Two Turkish Americans with ties to their communities are entering politics. In November 2017, both won local government elections.
Here’s how they hope to make a difference in their hometowns:
From pizza to politics in New Haven
In New Haven, Connecticut, home to Yale University and a famous style of pizza pie, 19-year-old Yale student Hacibey Catalbasoglu became the youngest Turkish American to be elected to public office in the U.S.
Hacibey, who also goes by the name Haci, won a seat on the city’s Board of Alders, the legislative body for the city of New Haven.
Spending his early life in and out of his father’s New Haven pizza shop, Catalbasoglu sought to strengthen relations among members of his university community and the merchants and citizens who are the backbone of this place where he grew up.
19 year-old @Hacibey Catalbasoglu of @Yale won a seat on the New Haven City Council becoming the youngest Turkish-American elected to a public office in the US. Congratulations! pic.twitter.com/Y7FNpaMk4j
— TR Consulate Boston (@TRConsulBoston) November 8, 2017
During the campaign, he earned the endorsement of New Haven’s mayor, Toni Harp. “Coming from two communities — town and gown [the university community] — Hacibey is well-equipped to give back to New Haven as an alder and bring Yale students into closer contact with the rest of New Haven,” she said in a statement, with the “gown” referring to the robe Catalbasoglu will wear when he graduates from Yale.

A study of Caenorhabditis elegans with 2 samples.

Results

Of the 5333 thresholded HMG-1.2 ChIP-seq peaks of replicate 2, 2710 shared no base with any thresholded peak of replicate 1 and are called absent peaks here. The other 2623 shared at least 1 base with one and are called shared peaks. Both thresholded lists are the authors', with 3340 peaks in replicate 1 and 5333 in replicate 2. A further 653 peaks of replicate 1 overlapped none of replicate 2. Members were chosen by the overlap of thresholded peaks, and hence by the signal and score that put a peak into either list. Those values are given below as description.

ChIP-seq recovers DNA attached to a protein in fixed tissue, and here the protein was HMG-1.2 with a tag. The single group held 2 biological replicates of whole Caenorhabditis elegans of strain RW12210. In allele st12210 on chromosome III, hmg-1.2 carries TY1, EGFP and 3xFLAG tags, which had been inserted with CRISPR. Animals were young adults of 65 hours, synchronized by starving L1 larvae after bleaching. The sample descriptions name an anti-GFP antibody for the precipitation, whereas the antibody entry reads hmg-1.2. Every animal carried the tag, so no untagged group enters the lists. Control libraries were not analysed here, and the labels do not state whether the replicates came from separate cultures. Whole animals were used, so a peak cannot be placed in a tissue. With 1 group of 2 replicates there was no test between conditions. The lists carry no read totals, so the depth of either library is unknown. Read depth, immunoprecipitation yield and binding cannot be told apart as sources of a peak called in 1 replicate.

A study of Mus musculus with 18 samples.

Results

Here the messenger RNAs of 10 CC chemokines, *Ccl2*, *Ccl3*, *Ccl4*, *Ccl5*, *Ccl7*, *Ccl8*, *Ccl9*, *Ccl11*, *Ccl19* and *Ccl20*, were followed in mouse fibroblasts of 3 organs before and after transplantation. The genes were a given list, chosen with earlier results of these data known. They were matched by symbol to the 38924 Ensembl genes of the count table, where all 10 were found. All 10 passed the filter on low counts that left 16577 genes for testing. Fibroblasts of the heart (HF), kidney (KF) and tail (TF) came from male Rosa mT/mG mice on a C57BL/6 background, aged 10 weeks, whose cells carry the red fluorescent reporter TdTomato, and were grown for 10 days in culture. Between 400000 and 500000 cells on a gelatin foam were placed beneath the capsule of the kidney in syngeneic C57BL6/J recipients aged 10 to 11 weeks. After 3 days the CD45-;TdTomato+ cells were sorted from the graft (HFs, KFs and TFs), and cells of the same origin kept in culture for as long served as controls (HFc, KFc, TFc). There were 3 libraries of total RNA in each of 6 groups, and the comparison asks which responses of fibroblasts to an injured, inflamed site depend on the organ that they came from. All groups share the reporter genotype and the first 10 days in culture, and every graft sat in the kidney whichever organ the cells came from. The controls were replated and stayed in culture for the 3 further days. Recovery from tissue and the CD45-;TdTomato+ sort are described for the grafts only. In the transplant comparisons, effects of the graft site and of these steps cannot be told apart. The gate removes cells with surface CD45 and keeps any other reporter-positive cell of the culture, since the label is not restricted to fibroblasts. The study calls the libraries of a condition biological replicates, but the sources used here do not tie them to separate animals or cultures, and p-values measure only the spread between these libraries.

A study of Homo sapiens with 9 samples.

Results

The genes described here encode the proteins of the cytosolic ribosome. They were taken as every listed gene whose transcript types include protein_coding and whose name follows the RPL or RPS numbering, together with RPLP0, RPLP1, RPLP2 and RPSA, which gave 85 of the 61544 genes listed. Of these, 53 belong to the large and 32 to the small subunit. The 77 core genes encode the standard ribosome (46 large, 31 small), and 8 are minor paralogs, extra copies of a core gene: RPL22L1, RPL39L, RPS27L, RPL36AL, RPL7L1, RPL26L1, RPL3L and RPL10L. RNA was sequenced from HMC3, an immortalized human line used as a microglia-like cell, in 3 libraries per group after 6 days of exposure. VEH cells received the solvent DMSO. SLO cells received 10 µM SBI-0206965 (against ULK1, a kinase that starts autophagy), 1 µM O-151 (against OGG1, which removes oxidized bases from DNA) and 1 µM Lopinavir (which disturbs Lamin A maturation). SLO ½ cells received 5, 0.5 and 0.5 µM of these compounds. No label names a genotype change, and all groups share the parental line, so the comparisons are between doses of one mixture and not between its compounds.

“This is my home,” Catalbasoglu said in an interview with the Yale Daily News. “I have a stake in the city’s future, which is why I want to create change.”
Architect builds a new career
When Tayfun Selen came to America two decades ago, he figured if he worked hard, he could do anything — and he has. He earned a graduate business degree in the U.S. and became a successful architect, accountant and businessman in New Jersey. In 2008, he became a U.S. citizen. He wanted to do more.
In 2017, Selen won a seat on the Chatham Township Committee. The first Turkish American on the committee, Selen will help lead the township and set policies that keep the town of about 10,000 running smoothly. He had previously served as the chairman of the Chatham Township Republican Committee, the local representative of one of the country’s major political parties.
“That is not a tribute to me, but rather to the ideals of our great country and the opportunities that are available to everyone,” he said in a statement.
“About 20 years after coming to America as an immigrant, hardly speaking English, today I am able to lend a hand in leading our great town into a future that will continue to be prosperous and bright,” Selen said. He has lived in Chatham for 15 years with his wife and daughter.
“I’m proud of my heritage, and I’m more proud to be an American citizen,” Selen said.